On Valentine’s Day 2018, Carlitos Rodriguez tucked his camera into his school bag. He was planning to film a video about “love, support, friendship, and goodness” for his vlog.
Instead, he captured the terror in his friends’ faces as they desperately tried to stay safe during a mass shooting that left 17 students and faculty dead at Marjory Stoneman Douglas High School in Parkland, Fla.
We know that we have to take more than our sadness and pain from these experiences and make something more out of it, something positive.
Heartbroken and shocked, Rodriguez and his friends comforted each other by sharing their stories and feelings about that terrible day. But as the media blasted story after story focused on the shooting and the shooter, Rodriguez noticed that stories from those devastated by the gun violence were missing from the narrative.
With some urging from his mom, the self-taught filmmaker created Stories Untold, a program that lets those left behind share their stories through video. He started by interviewing and filming people in his community about how the Parkland shooting impacted them personally. The project quickly snowballed into an effort to share stories about the effects of gun violence across the nation.
Recently, the 19-year-old learned that Stories Untold won the top prize in the education category of T-Mobile's Changemaker Challenge. “I was just out of words and breath,” says Rodriguez. “I’m so thankful to be a part of the Changemaker Challenge and be able to expand the work we do with Untold Stories.”
2019 T-Mobile Changemaker Challenge winners announcement (Source: T-Mobile)
EdSurge sat down with Rodriguez to learn more about why he created Stories Untold, how he hopes to support those affected by gun violence, and how winning the T-Mobile Changemaker Challenge will help him expand his work.
EdSurge: How do you hope to support those who experience gun violence through Stories Untold?
Rodriguez: Stories Untold is for anyone who has experienced gun violence in America. We reach out to communities who have gone through mass shootings or experience everyday gun violence to support them in sharing their stories. For example, recently, we went to Oakland, California, where I interviewed six different people who were directly and indirectly affected by gun violence. A lot of times, people reach out to us as well.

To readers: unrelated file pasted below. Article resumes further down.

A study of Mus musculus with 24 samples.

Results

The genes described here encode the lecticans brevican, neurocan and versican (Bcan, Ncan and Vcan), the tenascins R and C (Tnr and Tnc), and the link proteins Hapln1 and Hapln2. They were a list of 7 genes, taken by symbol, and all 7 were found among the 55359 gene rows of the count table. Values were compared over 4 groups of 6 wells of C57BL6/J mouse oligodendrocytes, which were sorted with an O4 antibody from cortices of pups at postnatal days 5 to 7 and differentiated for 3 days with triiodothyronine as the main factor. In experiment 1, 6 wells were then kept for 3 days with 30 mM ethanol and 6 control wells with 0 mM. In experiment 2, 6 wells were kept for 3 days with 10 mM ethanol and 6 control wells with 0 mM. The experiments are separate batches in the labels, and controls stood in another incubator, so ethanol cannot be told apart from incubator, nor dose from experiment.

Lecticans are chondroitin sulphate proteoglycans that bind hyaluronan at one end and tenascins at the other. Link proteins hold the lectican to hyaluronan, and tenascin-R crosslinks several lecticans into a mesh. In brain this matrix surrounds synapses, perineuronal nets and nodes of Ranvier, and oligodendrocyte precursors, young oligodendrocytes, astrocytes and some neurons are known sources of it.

What kind of change do you want to create?
It’s not just sharing our stories of pain. It’s more about how we can share our pain and turn it into positive action, hope, and strength. It’s about how we can support one another. And that’s what Stories Untold is.
I want our stories to go around the globe and for other stories about injustice and trauma—not only those about gun violence—to be shared on the platform. I think my generation, as the next generation coming up, needs to learn how to accept each other’s differences. We need to learn how to have conversations, not arguments. We need to support one another instead of pushing each other down, and I think our stories can help.
How do the stories you share impact both the storyteller and the listeners?
My dear friend, Anthony, was shot five times while barricading a classroom door to protect students during the shooting at Marjory Stoneman. There was some media coverage, but he spent over eight weeks in the hospital, and the media quickly moved on. I felt like his story was going untold. So the week before Stories Untold launched, we recorded a little video sharing who he is. He simply said that his name is Anthony, and his story deserves to be heard. People all over the country reached out and gave him the support he needed—cards, letters, words of encouragement, recognition for being the hero that he is.
Anthony Borges recovers after being shot at school (Source: Stories Untold)
That emotional and moral support helped him recover emotionally from those incredible, terrible gunshot wounds and the trauma he experienced. That’s one of the stories that inspired me to keep going. It showed me the power that storytelling has and how it impacted Anthony and those who heard his story.
It’s not just sharing our stories of pain. It’s more about how we can share our pain and turn it into positive action, hope, and strength.
As a winner, you’re invited to the Changemaker Lab in February. What do you hope to learn there?
I’m excited and thankful for the mentorship and funding support! I’m working on growing more funds, expanding our team, being a more consistent leader, and connecting with the other Changemaker Challenge winners will be so helpful in those areas. It will be an opportunity to see how we can collaborate with other winners on our work, gain mentorship, advice and hear different perspectives on how we can improve Stories Untold and how we can expand to reach more people.Carlitos learning that he is a category winner for the Changemaker Challenge (Source: T-Mobile)
We’re getting ready for the anniversary of Parkland, which is coming up in February. And there are still many, many voices of students, teachers, janitors, survivors, faculty—even policemen, parents and siblings that haven’t been heard in my community. We’re focusing on preparing something for the anniversary, but I also want to focus on how to share these stories with more people.
You can follow Stories Untold on Twitter @StoriesUntoldUS and follow all 30 of the Changemaker Challenge winners at T-Mobile's website.